I recently came across a study called “Parenting is the Key to Adolescent Mental Health” by Jonathan Rothwell. In it, Rothwell and his coworkers at Gallup held a survey of over 6,600 parents and 1,500 adolescents and found some very interesting data.
“The findings are clear. The most important factor in the mental health of adolescent children is the quality of the relationship with their caregivers. This, in turn, is strongly related to parenting practices – with the best results coming from warm, responsive, and rule-bound, disciplined parenting.”
Greater than wealth, education, or race, these factors are shown to have a more profound effect on the mental health of our children. As stated in the article, we do have a surging adolescent mental health problem in our nation. So, the question that I ask myself is how can I best protect and set my kids up for success when it comes to their mental health? Let’s look at what the study mentions and see what God’s Word says about those subjects.
1. “Rule bound, disciplined parenting…effectively discipline their children, while also displaying affection and responding to their needs.”
The study describes this style of parenting as authoritative – very different from authoritarian – and claims that the data shows it clearly helps build strong family relationships and is shown to protect the mental health of children the most. It’s interesting because throughout Scripture parents are called to “train up a child in the way he should go” (Proverbs 22.6) and teach diligently to our children all the commands of the Lord (Deuteronomy 6.6-9) – or in other words give clear “rule bound disciplined parenting.” Those rules and discipline coming from God’s Word, which instructs us on how to live.
Paul challenges fathers in Ephesians 6.4 “Fathers, do not provoke your children to anger by the way you treat them. Rather, bring them up with the discipline and instruction that comes from the Lord.” Here you have a very clear instruction of what’s being described in the study. A disciplined, but gentle approach that “displays affection and responds to their needs.”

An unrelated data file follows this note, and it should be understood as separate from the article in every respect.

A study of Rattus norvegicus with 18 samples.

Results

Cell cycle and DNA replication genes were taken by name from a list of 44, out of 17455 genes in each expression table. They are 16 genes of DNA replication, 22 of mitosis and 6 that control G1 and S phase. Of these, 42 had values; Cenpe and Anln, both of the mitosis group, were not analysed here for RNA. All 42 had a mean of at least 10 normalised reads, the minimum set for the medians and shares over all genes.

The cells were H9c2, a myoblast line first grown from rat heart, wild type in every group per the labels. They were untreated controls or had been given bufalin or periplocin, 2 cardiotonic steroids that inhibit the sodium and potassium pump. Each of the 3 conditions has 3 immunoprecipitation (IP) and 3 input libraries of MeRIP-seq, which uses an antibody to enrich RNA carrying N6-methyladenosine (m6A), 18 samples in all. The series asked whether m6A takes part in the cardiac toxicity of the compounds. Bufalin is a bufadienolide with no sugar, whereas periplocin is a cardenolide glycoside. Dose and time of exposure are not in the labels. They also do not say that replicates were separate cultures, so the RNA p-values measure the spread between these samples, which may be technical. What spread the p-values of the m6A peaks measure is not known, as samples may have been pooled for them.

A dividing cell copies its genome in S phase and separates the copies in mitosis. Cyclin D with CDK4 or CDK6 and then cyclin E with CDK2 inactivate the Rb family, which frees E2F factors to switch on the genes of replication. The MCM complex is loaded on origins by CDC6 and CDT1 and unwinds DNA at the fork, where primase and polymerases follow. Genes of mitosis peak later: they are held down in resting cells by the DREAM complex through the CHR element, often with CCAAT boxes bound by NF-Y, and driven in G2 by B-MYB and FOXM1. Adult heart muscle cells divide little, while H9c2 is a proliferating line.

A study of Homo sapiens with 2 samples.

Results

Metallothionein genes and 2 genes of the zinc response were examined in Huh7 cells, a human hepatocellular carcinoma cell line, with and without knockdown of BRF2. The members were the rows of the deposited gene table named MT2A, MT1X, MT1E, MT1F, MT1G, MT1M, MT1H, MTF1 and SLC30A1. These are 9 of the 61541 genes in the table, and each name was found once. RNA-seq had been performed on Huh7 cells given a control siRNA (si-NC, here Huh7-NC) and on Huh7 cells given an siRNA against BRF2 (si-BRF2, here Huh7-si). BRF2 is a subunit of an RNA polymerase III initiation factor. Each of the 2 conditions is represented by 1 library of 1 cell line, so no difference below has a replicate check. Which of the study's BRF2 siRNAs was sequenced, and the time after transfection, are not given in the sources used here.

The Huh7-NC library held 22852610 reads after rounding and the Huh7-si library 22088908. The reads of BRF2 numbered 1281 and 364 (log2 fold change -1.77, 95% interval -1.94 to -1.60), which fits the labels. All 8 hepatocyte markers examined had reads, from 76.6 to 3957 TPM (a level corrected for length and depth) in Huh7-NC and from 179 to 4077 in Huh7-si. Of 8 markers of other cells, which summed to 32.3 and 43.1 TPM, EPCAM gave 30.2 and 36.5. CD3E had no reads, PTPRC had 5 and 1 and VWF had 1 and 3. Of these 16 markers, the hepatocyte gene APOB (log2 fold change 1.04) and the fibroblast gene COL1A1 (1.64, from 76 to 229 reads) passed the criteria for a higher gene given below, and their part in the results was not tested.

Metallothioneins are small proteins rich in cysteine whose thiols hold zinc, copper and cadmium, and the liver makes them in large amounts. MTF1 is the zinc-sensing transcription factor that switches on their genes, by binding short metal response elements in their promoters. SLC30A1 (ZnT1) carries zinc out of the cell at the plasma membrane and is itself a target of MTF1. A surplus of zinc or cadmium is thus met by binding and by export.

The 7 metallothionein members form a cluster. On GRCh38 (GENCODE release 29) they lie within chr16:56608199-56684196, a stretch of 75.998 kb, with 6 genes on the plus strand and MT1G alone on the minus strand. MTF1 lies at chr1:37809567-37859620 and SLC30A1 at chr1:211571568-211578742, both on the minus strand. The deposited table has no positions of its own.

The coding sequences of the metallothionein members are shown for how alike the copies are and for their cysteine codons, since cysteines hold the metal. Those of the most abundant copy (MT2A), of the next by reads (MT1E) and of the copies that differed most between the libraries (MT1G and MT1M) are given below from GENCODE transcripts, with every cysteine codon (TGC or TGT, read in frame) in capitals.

2. “Parents who think highly of marriage…who give high ratings to their relationship with their spouse.”
When you study a scriptural understanding of marriage, you’ll see that God uses the marriage covenant to describe our relationship with him through Christ. You have concepts like the bride of Christ, the marriage supper of the lamb, and so forth. The point I’m making here is that marriage is viewed with upmost importance by the Lord. If it’s important to the Lord by default it must be important to us. Spouses who make their marriage a priority will most certainly establish a healthy family dynamic and show their children what a healthy family dynamic looks like.
So how are we valuing our marriage? What do we do to make sure we take time for and prioritize each other?
Over the next few weeks we’ll post blogs looking at these two subjects specifically and give some more practical advice.
Practical Tip: Start thinking about ways that you can lead your home with discipline, but also with grace, and work to make your marriage the priority of your home.
Parenting styles used in the article:
Authoritative: Warmth and involvement, reasoning and induction, democratic participation, good nature/easy going
Authoritarian: verbal hostility, corporeal punishment, nonreasoning, punitive strategies, directiveness
Permissive: lack of follow through, ignoring misbehavior, self-confidence
If you’re a nerd, like me, and want to read the in-depth academic study, click here.